Figgins fits in comfortably with M’s
PEORIA, Ariz. – Chone Figgins is a fan of the familiar. It’s one reason he decided on Seattle as a free-agent destination after leaving the Angels –same division, time zone, pitchers and cities on the road.
Even the coaching staff had several familiar faces from his days in Anaheim.
But that doesn’t mean this isn’t a season of big changes for the 32-year-old. Figgins is playing second base instead of third for the first time in years. A career leadoff hitter who led the American League with 101 walks last year and has stolen at least 20 bases for six straight seasons, he’s hitting No. 2 in the order behind Seattle icon Ichiro Suzuki.
“It’s different. There is definitely an adjustment period to all the changes,” said Figgins. “None of this is a surprise. I signed while they were still trying to figure out what to do with (Adrian) Beltre and I told them I was open to the idea of playing second. I’ve been there and done it.”
Beltre wound up going to Boston, but the Mariners decided to move second baseman Jose Lopez to third for his stronger arm and install Figgins, with more range and quickness, at second. So far, both players seem OK with the move, although it’s open-ended.
“Once we got here it was good because they talked to me and Lopez at the same time about it,” Figgins said “(General manager Jack Zduriencik) said, ‘You know what? If you go at it 100 percent and it doesn’t work out, at least we tried.’ But it’s been going pretty good, so we just have to stay with it and trust it. If it’s not good for us, it’s not good for the team. But right now it’s going good.”
There have been hiccups. Figgins had two errors over a three-batter stretch in Saturday’s loss to San Francisco, when the hard and fast infield at the Peoria Sports Complex caught up to him. But Lopez seems to be settling in at third and manager Don Wakamatsu, who is stressing defense, likes the dynamics of the new infield.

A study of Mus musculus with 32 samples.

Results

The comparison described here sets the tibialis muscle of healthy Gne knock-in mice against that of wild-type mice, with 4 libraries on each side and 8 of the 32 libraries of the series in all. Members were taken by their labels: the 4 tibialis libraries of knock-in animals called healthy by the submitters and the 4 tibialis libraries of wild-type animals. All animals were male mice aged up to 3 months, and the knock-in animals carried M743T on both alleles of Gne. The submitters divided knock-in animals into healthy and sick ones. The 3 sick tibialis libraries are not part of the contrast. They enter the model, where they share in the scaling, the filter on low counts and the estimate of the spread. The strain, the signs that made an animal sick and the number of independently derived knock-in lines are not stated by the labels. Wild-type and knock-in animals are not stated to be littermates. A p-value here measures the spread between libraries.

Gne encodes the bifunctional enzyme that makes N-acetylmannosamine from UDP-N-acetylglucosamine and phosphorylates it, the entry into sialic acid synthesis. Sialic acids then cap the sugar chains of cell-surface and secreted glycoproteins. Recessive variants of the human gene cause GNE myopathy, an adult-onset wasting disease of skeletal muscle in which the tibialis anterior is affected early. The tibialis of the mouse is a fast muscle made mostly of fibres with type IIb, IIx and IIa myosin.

Coach Mike Brumley worked with Figgins in Anaheim and said second base is a natural fit.
“I think it’s a normal position for him,” Brumley said. “The Angels had a need at third and it worked out, but second really fits his body type and his athleticism as a player. He can make plays that can change innings because of his speed, leaping ability and awareness of the hitters and where the ball is probably going.
“He played so many positions early in his career, he’s knows them all. And he’s such a calm hitter offensively. He can pour more energy into his defense.”
At the plate, Figgins is enjoying the No. 2 spot and hitting behind Ichiro although he can’t take his time getting ready in the dugout.
“I try to beat him to the on-deck circle, because I know he’s swinging,” Figgins said with a laugh. “When I got here (Ken) Griffey told me he won’t be up there long.
“We have totally different approaches. For me, it’s about seeing pitches. When I get pitches in the zone, I put good swings on them. I need to keep focused on staying in the zone. If I do things like that I’ll get more consistent at-bats. My pitches per at-bat are going up and that’s a good sign for me.”
His selectivity is improving with age. Figgins never had more than 65 walks in a season before drawing 101 last year, and even though he didn’t have a hit for the first 11 days of spring training his on-base percentage was over .400. He likes seeing more pitches from the stretch from pitchers keeping tabs on Ichiro on first base.
“It gives me so many different options – bunt, hit-and-run, steal, hit behind him and there are more pitches to drive in the gap,” said Figgins, who hit .291 last year. “We’re going to get on base, and when we do we’re going to create some havoc.”